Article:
Something special happens at CHORI at the beginning of every summer, with a large group of high school, college and graduate students converging inside the Little Theatre for the Summer Research Program's Orientation Day, the kick-off to 9 weeks of exploratory research with individual mentorship by CHORI principal investigators.

"This year's Orientation was just wonderful," says CHORI scientist Vasanthy Narayanaswami, PhD, who works in the Center for the Prevention of Obesity, Cardiovascular Disease and Diabetes and co-directs the Summer Research Program with Barbara Staggers, MD. "We had about 150 students applications - around 75 high school and 75 college students - and have about 45 students taking part in the program this year."

Designed to encourage early interest in research and to promote diversity in the sciences, CHORI's Summer Student Research Program matches students with a wide variety of CHRCO's basic and clinical scientists, who help them create a 9-week research project. At the end of the summer, students must present their findings in a one-day symposium, just like any professional researcher would do.

Although both high school and college students have an interest in science and research before starting the program, the goal of the program is to foster that enthusiasm into a greater understanding of research and, hopefully, a commitment to pursuing research in their future careers. As a result, an essential part of the program emphasizes the potential for translational research.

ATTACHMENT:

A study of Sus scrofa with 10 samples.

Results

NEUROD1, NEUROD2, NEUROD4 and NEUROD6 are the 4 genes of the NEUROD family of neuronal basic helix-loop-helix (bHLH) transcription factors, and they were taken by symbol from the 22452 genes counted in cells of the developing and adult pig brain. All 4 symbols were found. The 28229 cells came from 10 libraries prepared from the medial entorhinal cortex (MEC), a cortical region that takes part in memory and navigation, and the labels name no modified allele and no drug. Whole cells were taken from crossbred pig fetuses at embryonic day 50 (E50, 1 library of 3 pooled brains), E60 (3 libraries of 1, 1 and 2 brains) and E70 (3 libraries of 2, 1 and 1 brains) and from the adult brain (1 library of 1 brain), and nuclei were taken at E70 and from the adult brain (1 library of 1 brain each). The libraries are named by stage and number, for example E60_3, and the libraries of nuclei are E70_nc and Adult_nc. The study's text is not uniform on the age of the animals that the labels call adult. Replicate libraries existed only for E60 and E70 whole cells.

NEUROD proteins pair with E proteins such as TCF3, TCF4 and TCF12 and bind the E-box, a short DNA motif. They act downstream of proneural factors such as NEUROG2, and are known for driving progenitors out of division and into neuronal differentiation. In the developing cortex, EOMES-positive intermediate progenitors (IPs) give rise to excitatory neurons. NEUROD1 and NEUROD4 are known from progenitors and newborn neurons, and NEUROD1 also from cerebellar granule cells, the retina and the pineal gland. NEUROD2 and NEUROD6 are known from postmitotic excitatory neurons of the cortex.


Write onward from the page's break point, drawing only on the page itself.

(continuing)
"Sometimes, even I wonder about whether the little molecules I'm playing around with are going to have any impact on the larger picture," says Dr. Narayanaswami. "While I know that it will eventually provide a small piece of the puzzle, a big part of our program is geared toward making sure the students make that connection."

If Ms. Yang is any indication, it seems to be working.

"I was never interested in research because I thought I wouldn’t be able to interact with patients or work closely with communities."

Now, however, Ms. Yang has an entirely different perspective. "I saw that the work done at CHORI was translated and applied to cases and patients at the hospital, including neighboring communities and visa versa," explains Ms. Yang. "I see now that research and patient care go hand in hand."

While there are many training programs throughout the country, CHORI's Summer Research Program receives funding for 6 high school students through the National Heart, Blood and Lung
Institute's funding to receive training in sickle cell research, and 18 students through the National Institute of Health (NIH) for programs that aim to increase diversity in biomedical science, allowing CHORI to provide stipends for nearly half of its participants.

"This is our eighteenth year of the program," says Dr. Narayanaswami. "But this is also our eighteenth year of continuous funding, which makes it even more impressive. Getting continuous funding from NIH speaks volumes for the program."

As Ms. Yang says, "I've always been interested in health and medicine, but I'm now planning on pursuing an MD, while also looking for a way to have an outlet to conduct research."

The Summer Research Program couldn't hope for anything better.